I am lucky enough to have stumbled across the website of Sam Garwood, a director of photography and a camera assistant in the industry. One of the sections on his site is titled “A Really Simple Really Difficult Job” that is full of tips and theories about camera assisting “aimed at people who are already in the camera department and probably already doing the job.”
There was one piece of advice about pulling focus on longer lenses that I found particularly enlightening and useful.
Garwood claims this is the “most effective” method for focusing on long lenses, especially with subjects traveling to or away the barrel of the lens. Since he does such a good job explaining the method himself, I will let the tip stand on it’s own:
You’ll need some time at the eyepiece. And you’ll need to ask the DoP for the approximate stop.
Send a loader/trainee with a bunch of marks to the furthest point of the shot. You might both need walkie-talkies. Get a focus mark (my preference is always on the lens barrel) for that point, wide open, looking through the lens.
Stop the lens down to the shooting stop, or somewhere around it. Looking through again, bring the assistant forward until they go unacceptably soft. Stop them at that point, get them to drop a mark (they’ll need to number them, because they’ll be calling them out to you during the shot), open up the lens and get a focus. Stop the lens back down to the shooting stop.
Repeat the above, stopping the assistant each time they go unacceptably soft, until you have them as close as you’ll use the shot (for safety, get just one more…). Obviously as they get closer, you’ll be stopping them more and more frequently.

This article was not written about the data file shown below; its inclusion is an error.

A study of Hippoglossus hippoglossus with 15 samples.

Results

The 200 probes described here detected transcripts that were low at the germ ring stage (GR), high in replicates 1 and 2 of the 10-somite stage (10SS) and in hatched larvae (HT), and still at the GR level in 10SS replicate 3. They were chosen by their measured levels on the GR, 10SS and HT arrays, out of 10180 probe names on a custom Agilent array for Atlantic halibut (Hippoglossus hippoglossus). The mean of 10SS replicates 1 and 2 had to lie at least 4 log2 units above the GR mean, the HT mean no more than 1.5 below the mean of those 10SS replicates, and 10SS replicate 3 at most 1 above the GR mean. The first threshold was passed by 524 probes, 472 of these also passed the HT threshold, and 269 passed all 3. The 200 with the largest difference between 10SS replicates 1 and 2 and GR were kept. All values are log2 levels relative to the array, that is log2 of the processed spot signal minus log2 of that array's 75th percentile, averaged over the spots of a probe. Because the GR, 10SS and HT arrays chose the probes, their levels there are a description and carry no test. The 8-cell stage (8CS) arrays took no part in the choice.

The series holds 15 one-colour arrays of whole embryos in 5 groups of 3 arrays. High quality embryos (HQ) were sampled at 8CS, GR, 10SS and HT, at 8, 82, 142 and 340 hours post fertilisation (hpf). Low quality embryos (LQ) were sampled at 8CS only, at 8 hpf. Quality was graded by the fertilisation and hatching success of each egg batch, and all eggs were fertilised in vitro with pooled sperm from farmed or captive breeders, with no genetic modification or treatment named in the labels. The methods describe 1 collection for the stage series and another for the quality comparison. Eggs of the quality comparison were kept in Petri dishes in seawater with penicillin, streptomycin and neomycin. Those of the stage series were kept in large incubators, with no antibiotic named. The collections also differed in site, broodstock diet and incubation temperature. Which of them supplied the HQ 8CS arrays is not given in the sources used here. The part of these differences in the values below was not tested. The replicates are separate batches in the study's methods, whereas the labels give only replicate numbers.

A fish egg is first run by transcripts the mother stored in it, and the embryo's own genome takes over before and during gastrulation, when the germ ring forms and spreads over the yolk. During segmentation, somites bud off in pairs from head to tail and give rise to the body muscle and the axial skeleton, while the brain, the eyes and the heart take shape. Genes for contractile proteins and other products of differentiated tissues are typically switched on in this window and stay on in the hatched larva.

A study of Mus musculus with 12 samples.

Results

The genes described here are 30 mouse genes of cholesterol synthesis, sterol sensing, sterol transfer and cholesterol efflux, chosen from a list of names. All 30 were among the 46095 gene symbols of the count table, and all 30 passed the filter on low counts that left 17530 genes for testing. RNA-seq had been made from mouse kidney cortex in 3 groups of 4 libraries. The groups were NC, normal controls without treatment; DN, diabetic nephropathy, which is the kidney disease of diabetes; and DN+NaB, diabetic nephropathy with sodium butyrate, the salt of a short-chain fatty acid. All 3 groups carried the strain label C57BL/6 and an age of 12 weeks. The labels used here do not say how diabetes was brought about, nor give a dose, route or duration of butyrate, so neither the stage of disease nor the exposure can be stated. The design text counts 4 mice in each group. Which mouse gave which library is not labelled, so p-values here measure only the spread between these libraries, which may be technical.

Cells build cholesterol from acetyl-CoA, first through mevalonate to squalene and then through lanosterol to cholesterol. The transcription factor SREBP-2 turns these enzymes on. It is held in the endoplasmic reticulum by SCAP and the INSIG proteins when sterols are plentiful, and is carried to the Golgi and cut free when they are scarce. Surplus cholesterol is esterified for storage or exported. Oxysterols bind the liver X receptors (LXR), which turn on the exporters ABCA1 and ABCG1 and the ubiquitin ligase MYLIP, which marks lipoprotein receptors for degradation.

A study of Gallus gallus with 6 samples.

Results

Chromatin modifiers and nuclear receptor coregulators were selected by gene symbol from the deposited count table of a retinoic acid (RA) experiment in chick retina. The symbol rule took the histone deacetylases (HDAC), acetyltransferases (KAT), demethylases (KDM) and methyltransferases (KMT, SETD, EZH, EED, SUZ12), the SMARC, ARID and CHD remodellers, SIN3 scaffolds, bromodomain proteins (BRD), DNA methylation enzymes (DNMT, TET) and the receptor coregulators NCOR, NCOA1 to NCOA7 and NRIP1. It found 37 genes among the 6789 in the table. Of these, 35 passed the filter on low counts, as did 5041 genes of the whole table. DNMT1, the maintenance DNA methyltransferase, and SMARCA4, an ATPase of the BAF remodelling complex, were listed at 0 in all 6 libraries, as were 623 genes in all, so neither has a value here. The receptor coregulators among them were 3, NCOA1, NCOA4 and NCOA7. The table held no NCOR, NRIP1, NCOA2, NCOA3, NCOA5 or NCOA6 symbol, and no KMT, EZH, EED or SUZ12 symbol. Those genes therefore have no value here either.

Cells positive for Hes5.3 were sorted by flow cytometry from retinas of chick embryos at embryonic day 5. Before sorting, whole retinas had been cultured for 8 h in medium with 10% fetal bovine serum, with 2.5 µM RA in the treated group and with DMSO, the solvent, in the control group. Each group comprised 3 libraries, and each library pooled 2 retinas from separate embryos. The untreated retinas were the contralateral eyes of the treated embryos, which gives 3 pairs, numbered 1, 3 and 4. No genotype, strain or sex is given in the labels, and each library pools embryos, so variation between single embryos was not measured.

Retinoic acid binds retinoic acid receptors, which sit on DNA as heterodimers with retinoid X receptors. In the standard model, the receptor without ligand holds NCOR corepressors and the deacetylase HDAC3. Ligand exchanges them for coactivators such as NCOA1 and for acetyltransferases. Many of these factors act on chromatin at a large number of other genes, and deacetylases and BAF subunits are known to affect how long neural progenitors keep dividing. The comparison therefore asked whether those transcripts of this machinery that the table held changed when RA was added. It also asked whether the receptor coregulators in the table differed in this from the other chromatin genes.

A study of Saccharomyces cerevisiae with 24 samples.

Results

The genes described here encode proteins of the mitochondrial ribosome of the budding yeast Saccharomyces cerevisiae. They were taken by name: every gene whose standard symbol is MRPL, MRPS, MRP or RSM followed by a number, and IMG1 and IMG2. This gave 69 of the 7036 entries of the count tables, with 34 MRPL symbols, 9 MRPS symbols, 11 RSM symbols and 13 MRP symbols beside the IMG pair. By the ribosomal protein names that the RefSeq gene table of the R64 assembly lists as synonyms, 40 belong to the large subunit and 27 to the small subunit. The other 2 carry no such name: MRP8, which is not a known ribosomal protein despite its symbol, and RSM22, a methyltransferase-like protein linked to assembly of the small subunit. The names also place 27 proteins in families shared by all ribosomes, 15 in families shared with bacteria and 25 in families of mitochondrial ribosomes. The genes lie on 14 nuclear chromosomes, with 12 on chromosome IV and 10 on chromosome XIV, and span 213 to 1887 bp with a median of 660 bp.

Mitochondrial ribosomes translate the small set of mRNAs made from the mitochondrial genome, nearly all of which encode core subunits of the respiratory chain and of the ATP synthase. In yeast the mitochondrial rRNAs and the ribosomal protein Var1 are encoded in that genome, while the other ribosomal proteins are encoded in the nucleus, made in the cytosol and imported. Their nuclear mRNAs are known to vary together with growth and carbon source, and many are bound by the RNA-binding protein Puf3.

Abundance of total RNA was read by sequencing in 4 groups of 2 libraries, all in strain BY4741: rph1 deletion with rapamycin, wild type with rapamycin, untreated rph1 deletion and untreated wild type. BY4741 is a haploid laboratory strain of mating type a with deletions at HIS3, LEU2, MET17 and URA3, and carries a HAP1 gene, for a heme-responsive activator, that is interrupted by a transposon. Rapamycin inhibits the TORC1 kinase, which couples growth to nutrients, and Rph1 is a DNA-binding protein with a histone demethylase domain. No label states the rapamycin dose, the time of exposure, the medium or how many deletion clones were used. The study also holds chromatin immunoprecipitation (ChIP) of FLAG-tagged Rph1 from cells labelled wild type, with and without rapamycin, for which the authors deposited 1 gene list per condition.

On the barrel of the lens you’ll now have a bunch of numbered marks, each pair closer together than the previous two. Concentrate on these marks during the shot, with your assistant leaning over your shoulder watching the subject and whispering the numbers to you (or if they can’t see all the marks, standing somewhere where they can and relaying them to you on the walkie-talkie). If the subject is moving at a constant speed, the marks will be called to you faster and faster, but you’ll feel the speed increase in a natural way. Getting the assistant to say ‘and…’ before each mark sometimes helps with the rhythm of it. It’s harder to do this with a shot of a subject going away, because you have to start fast and slow down, but console yourself with the thought that unless it’s an actor backing away from you, it’s hard for the audience to see their face so you’ve got more leeway – if there aren’t any eyes to look at, humans will generally look at the brightest part of the shot, then the part that’s moving, then the part that’s in focus (score!)
While having an assistant lay down intermittent marks for a pull like this is nothing new to most AC’s, the aspect that I hadn’t thought of was to lay the marks whenever the subject went unacceptably soft. This means that even if you are off your marks by a little bit, there will be a bit of leeway in the focus to get back on track when you hear that number come up in your ear. Sure, it doesn’t make this kind of focus pull easy but it sure is a big step away from making it really hard.
I highly suggest you head over to Sam Garwood’s website to read the other tips he have. For some more advice, I also have posted before about the art of pulling focus, general tips for working on film sets, and of course, how to make the RED camera go. Some of this stuff may be old news, but others may be helpful, especially for those just starting out having to deal with those finicky DSLR’s.